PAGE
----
Bellingham dances to the rhythm of Downtown Sounds
The 11-piece band, Orchestra Zarabanda, performs Cuban salsa music at the 15th annual Downtown Sounds event on July 24. // Photo by Ally Burdett
By Ally Burdett
Thousands gathered on Bay and Prospect Street to dance to the Orchestra Zarabanda’s Cuban dance music on July 24 at the 15th annual Downtown Sounds concert series. The succession of events began July 10 and will continue to take place every Wednesday of the summer until August 7.
Downtown Sounds is facilitated by the local nonprofit organization Downtown Bellingham Partnership.
Mason Luvera is the communications director at Downtown Bellingham Partnership and part of the team that makes Downtown Sounds happen. The event currently draws in thousands of community members, but Downtown Sounds wasn’t always so large-scaled, according to Luvera.
He said the concert series initially began in a small alley right outside of the Pickford Film Center but has since grown into a huge community-wide event, fencing off two streets downtown.
“It has grown tremendously and that is a direct result from community excitement,” Luvera said.
Downtown Sounds showcases music from a variety of genres and invites bands from all over the United States. This year included local acts like the folk band Polecat as well as visiting acts including Grammy-winning Rebirth Brass Band from New Orleans.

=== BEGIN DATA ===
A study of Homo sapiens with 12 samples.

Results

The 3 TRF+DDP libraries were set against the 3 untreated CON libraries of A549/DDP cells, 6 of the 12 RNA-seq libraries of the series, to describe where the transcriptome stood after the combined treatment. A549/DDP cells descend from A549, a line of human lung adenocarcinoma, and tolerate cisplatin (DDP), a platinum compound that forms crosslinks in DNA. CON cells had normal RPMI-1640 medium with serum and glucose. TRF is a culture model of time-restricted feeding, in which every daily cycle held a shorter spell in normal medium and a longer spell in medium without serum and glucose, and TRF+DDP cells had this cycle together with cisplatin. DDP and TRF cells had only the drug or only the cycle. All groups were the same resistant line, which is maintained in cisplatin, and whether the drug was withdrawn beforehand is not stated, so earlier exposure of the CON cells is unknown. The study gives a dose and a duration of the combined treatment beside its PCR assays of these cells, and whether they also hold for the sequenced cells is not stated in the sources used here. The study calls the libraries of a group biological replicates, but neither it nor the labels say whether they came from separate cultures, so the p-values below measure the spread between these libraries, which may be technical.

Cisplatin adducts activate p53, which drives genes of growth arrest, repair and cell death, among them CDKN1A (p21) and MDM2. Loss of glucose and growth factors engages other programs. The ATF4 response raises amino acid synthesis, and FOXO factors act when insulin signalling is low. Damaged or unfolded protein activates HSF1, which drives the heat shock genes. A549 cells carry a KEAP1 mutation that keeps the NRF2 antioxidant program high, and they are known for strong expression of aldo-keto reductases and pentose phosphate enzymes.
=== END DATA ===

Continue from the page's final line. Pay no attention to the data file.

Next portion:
“We are interested in bringing in a really diverse group of bands and new acts from all over the place,” Luvera said.
The Orchestra Zarabanda was accompanied by Bilongo Quintet and Sabrina Gomez. The group played Cuban salsa dance music with an 11-piece instrument set.
During their performance, the crowd was filled with a buzzing energy as salsa partners danced and passed around colorful beach balls. Neighbors popped their heads out of the windows of their surrounding homes on Bay Street, tapping their fingers on the window panes to the beat of the music and others sat on fire escapes for the view.
Local food vendors, booths from local organizations and family-friendly activities were also offered at the event.
Katie Petterson, a third-year student at Western, was holding a fresh hot dog from the food vendor Street Dogz and danced to the live music.
“I think it’s cool that [Downtown Sounds] is a really inclusive space and anyone can come for free,” Petterson said.
She added that she likes how open the space is and how she can listen to new music.
With such a large community event, Luvera said a lot of logistics and communication with sponsors have to go into making Downtown Sounds happen and it’s not just a “pop-up festival.” They work closely with their main sponsor WECU to make the event possible and Luvera said it’s really all about the group effort.
One of the most popular yet challenging assets of Downtown Sounds is the beer garden, Luvera explains. There has to be safety checks and meetings with the liquor control board but it’s one of the most sought out activities by participants, he added.
Vegas Casey, a fifth-year student at Western, said she just recently turned 21 years old and wanted to go to Downtown Sounds for the beer garden.
“This is Bellingham’s best,” Casey said. “I wanted to meet new people here and see old friends I haven’t seen in awhile and listen to new music.”
The beer garden was packed shoulder to shoulder as people sampled local ciders and beers.
After the live music there was an “Aftersounds” event at Boundary Bay Brewery for people to continue dancing after sunset.
“Aftersounds” offered both visual and local music entertainment, featuring colorful lasers and a disco ball hovering over the dancers.
The next Downtown Sounds concert is Wednesday, July 31 with a performance by Sepiatonic from Portland, Oregon along with the pop-funk band Analog Brass. The music will start at 5:30 p.m. at Bay and Prospect Street.